The Detroit “scene” — yes, air quotes are definitely called for here — has been growing so quickly that it’s sometimes hard to tell the New Detroit weekend activities from the earlier, more organic and fun variety. One year you’re going on a group bike ride and it’s just a good time, two years later you have thousands of fellow riders and corporate/foundation sponsorship and all the rest of it.
So lately, when I hear that something’s going on somewhere in the central part of town, I’m less likely to think hey, fun and more likely to think parking’s gonna be a four-legged bitch, no doubt.
It was a pleasant surprise to drop by the second annual Crash Detroit festival in its waning hours Saturday and see it was still fun. This is a brass-band gathering, very much in the New Orleans tradition of fun and partying and spontaneity, and we arrived for the last act, the hometown Detroit Party Marching Band:
A little dark, I know, but I wanted you to get the idea of how they work — no stage, just gather up and start playing. And they play hard. The trombonist nearest to me shed his jacket halfway through the show, but I bet he wished he could shed more. Most of these folks play hard, and it was hot.
Still, in the depths of summer, a good news Sunday. There’s the Bill Cosby story, so much ick in one package:
He was not above seducing a young model by showing interest in her father’s cancer. He promised other women his mentorship and career advice before pushing them for sex acts. And he tried to use financial sleight of hand to keep his wife from finding out about his serial philandering.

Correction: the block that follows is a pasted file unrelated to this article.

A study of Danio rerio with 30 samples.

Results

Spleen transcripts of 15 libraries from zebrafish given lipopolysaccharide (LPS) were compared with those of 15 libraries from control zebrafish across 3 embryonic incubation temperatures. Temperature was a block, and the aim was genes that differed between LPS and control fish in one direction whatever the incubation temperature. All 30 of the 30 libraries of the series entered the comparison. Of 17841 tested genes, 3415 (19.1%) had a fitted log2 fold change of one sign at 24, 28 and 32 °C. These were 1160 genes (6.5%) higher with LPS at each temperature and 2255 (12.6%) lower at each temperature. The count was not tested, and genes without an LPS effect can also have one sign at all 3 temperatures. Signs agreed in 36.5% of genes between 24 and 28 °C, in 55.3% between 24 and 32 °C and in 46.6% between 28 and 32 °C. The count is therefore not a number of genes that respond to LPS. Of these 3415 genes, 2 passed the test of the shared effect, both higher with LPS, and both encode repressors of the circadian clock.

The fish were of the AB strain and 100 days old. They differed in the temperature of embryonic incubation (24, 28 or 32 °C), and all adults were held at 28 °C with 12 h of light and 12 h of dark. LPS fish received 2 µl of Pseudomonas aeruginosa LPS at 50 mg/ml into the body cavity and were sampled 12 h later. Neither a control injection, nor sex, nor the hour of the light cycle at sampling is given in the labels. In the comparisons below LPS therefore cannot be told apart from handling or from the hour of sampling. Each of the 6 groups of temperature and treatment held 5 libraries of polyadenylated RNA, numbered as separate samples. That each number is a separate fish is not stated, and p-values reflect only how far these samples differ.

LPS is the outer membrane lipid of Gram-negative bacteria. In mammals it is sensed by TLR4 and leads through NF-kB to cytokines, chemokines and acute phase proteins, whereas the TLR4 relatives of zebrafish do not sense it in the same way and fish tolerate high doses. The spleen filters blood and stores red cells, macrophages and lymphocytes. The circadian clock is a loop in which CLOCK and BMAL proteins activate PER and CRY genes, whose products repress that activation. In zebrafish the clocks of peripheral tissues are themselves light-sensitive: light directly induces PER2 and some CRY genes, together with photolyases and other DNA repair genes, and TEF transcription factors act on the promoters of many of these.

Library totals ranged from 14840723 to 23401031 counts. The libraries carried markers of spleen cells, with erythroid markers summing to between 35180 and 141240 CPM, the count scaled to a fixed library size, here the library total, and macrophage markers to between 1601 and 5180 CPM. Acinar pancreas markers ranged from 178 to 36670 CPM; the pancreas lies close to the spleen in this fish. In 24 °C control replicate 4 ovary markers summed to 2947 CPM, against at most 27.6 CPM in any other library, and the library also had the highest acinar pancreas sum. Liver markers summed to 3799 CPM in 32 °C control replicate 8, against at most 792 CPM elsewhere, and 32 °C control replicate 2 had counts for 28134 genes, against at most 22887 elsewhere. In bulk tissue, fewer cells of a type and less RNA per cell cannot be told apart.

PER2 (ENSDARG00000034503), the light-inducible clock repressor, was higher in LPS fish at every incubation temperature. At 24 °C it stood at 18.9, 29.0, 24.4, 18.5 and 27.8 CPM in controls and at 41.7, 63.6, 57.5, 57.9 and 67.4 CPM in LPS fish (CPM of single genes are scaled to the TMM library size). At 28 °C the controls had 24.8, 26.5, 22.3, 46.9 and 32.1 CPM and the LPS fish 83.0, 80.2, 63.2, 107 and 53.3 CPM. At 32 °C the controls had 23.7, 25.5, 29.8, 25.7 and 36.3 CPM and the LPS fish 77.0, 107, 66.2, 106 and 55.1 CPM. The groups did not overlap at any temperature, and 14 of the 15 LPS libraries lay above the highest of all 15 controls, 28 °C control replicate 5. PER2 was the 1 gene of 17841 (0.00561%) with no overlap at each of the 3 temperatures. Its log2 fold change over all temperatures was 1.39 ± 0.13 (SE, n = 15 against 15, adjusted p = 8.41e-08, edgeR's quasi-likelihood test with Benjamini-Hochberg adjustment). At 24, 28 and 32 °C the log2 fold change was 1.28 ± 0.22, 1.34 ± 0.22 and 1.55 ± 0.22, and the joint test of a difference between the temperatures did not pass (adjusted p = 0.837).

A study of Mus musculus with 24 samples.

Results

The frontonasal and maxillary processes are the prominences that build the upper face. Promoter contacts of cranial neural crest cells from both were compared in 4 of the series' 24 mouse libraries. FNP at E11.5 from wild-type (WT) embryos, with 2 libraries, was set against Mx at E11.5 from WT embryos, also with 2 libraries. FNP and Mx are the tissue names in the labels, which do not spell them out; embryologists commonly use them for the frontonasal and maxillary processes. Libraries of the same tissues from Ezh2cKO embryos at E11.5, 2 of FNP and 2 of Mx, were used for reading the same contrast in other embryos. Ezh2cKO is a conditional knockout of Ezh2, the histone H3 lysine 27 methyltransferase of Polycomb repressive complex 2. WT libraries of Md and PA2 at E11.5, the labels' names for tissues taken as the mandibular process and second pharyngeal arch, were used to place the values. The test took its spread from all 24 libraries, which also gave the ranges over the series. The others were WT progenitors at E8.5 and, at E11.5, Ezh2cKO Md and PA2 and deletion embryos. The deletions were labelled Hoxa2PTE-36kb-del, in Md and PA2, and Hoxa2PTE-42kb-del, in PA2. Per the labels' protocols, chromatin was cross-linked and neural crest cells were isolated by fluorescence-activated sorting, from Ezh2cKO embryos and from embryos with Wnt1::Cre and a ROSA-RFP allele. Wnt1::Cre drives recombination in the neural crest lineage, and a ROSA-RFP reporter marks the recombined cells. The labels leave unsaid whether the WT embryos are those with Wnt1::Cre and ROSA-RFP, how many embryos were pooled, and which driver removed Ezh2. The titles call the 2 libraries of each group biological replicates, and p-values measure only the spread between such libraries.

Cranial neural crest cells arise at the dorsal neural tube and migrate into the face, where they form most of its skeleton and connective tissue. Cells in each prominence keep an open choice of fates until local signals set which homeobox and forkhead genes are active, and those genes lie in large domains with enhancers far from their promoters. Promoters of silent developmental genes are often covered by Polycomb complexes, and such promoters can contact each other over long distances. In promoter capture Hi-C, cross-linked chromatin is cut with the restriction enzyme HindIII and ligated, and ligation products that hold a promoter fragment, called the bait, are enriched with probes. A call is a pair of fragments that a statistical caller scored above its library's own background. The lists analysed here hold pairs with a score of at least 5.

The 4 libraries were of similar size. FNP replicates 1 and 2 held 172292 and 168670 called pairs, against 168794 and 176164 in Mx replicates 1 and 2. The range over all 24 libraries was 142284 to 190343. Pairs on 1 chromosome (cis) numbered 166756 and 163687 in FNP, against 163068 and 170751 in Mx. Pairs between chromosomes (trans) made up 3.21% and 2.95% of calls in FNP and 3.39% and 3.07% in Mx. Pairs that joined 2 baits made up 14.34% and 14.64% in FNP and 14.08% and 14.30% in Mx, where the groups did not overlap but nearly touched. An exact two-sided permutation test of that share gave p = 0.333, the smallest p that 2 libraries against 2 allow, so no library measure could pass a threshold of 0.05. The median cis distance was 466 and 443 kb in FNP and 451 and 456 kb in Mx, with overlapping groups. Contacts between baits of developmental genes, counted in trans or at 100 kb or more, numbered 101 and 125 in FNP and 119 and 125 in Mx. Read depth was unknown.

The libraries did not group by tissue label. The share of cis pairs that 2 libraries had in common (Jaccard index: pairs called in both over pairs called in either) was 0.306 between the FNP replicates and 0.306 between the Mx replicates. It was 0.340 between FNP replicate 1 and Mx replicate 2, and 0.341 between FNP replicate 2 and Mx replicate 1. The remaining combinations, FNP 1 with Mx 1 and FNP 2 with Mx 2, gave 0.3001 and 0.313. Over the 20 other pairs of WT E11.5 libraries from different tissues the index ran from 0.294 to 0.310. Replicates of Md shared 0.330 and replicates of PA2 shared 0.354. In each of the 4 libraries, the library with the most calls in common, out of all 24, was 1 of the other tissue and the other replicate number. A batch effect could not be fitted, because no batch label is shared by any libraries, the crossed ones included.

Bill Cosby admitted to all of this and more over four days of intense questioning 10 years ago at a Philadelphia hotel, where he defended himself in a deposition for a lawsuit filed by a young woman who accused him of drugging and molesting her.
Even as Mr. Cosby denied he was a sexual predator who assaulted many women, he presented himself in the deposition as an unapologetic, cavalier playboy, someone who used a combination of fame, apparent concern and powerful sedatives in a calculated pursuit of young women — a profile at odds with the popular image he so long enjoyed, that of father figure and public moralist.
Man, I’m not one for idolizing celebrities (with some exceptions), and this is not Monday-morning hindsight, but there was always something off-putting about his Doctor Cosby, American Dad act I found off-putting. I should trust my instinct more often.
Brian Dickerson, my No. 1 reason for reading the Sunday Free Press, had a thoughtful column about the pressures on liberal arts educations these days. I think he nails it — business is trying to outsource its training onto higher ed — and have been saddened at the idea that studying something other than finance, marketing, math and business is somehow worthless. I’ve known many liberal-arts majors who are brilliant business people; knowing Iago’s motivation might be a useful skill in business, in my opinion, but what do I know.
A long read, but absolutely worth it: A long NYT project on crime on the high seas, Pulitzer-worthy, that reminds me to read William Langewiesche’s book on the same subject. A sobering reminder of the cost of civilization, a connection I probably drew from my liberal-arts education.
Oh, and also, this weekend? There was a pie:
I’m-a eat a piece. Right now. Enjoy the upcoming week.